Prime Minister Scott Morrison is set to announce targeted support for the international tourism and aviation sectors ahead of the end of JobKeeper this month.
In a speech delivered on Tuesday morning, Morrison told the Australian Financial Review Business Summit that support for specific industries would be one part of a broader plan to grow the economy as it emerges from its “emergency phase”.
Along with support for industries post-JobKeeper, Morrison said there will be new initiatives to help address the issues arising from the lack of temporary migrant workers in the country.
“Building the scale, capacity and skills of our workforce is the single greatest economic challenge we face,” Morrison said, according to The Australian Financial Review.
Get daily business news.
The latest stories, funding information, and expert advice. Free to sign up.
“We must re-look at the role that temporary visa holders play in meeting our economy’s workforce requirements, where Australians do not fill these jobs.”
Support will be targeted at industries still affected by the travel ban including international tourism, aviation and travel. This will involve initiatives to encourage domestic travel within the country and interest-free business loans. However, the details of the loans and domestic travel incentives are yet to be confirmed.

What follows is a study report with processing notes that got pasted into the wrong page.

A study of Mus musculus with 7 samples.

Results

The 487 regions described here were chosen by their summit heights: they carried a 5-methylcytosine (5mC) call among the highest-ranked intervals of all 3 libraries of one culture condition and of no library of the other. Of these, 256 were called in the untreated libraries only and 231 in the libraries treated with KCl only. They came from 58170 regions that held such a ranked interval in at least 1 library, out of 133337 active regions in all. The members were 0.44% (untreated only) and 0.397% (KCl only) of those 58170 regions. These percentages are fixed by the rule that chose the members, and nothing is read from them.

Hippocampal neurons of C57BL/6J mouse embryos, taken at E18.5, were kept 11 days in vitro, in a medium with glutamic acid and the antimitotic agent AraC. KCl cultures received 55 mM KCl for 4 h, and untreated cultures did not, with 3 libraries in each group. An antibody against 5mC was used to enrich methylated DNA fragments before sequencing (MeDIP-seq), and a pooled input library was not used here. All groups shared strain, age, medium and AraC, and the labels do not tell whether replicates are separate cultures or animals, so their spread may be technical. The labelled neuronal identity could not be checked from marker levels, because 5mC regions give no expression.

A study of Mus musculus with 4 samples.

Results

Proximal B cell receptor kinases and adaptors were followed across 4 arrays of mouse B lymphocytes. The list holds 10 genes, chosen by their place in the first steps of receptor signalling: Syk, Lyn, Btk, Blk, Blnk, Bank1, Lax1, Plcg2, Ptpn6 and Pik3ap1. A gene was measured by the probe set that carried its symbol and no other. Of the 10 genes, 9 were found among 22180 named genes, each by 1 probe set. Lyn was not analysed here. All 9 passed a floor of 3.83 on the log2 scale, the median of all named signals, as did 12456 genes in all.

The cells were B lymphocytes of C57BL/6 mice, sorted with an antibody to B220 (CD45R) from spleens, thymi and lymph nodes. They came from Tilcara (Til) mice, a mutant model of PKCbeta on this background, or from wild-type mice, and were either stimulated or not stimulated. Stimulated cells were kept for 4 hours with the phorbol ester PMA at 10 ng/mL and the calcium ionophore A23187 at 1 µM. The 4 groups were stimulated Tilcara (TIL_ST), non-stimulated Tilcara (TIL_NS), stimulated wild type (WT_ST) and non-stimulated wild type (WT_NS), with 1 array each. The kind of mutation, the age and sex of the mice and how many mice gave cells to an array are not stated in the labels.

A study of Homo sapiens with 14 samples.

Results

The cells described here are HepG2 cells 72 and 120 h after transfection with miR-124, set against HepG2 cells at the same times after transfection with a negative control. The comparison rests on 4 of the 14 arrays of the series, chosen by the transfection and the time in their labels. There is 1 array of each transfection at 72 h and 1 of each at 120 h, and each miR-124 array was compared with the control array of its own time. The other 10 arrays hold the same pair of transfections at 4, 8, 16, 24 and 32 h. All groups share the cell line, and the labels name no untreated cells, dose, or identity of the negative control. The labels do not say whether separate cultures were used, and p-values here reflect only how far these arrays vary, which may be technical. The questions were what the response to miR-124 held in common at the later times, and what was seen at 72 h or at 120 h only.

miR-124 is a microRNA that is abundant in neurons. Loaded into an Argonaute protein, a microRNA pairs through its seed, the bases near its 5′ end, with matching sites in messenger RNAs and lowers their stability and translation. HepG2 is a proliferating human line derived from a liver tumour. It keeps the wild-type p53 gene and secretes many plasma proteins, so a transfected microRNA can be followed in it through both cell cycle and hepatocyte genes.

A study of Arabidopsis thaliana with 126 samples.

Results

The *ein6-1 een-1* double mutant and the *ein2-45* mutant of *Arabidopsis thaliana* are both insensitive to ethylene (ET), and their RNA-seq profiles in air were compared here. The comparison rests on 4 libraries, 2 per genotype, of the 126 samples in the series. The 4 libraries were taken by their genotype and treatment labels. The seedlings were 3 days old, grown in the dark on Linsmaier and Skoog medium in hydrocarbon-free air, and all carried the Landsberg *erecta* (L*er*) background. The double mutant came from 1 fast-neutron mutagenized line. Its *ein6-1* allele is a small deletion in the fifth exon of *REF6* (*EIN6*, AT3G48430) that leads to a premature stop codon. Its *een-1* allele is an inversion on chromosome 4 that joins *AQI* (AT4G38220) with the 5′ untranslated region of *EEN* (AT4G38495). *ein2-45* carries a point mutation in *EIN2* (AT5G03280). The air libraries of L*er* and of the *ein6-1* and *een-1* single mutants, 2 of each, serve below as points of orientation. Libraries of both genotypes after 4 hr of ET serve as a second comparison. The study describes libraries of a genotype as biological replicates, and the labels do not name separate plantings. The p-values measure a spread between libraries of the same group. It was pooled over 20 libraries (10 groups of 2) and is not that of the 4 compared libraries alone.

The imminent announcement of a rescue package for the international tourism sector comes after persistent calls from the Tourism and Transport Forum (TTF) for an industry-specific support package.
Research released on Monday by TTF shows that more than 34% of Australia suffered a 40% or more drop in visitors up to September, compared to the previous year. TTF chief executive Margy Osmond said the research reveals that almost every corner of the country is still “reeling from the pain of this sharp and sustained visitor drop-off”.
Osmond has discussed ongoing support for the industry with Treasurer Josh Frydenberg and Minister for Trade, Tourism and Investment Dan Tehan. “[I’m] confident that our concerns and potential support options are being closely considered,” she said.
The latest GDP data show the economy is improving with growth for the December quarter up 3.1%, after the September quarter grew 3.4%. The figures demonstrate the economy shrank by just 1.1% in 2020.
Despite such growth, business groups are concerned that the economic recovery is uneven, leaving behind businesses impacted by international travel, state public health restrictions and working from home trends.
Jenny Lambert, acting chief executive of the Australian Chamber of Commerce and Industry, said these industries will certainly need further support after JobKeeper winds up on March 28.
“Immediate direct cash support to this cohort of businesses is vital if they are to be preserved for the pending recovery,” Lambert said.
She added that effective stimulus measures include tax rebates; short-term exemptions from fringe benefit tax rules for accommodation, air and land transport; and vouchers for CBD dining, accommodation and attractions in affected areas.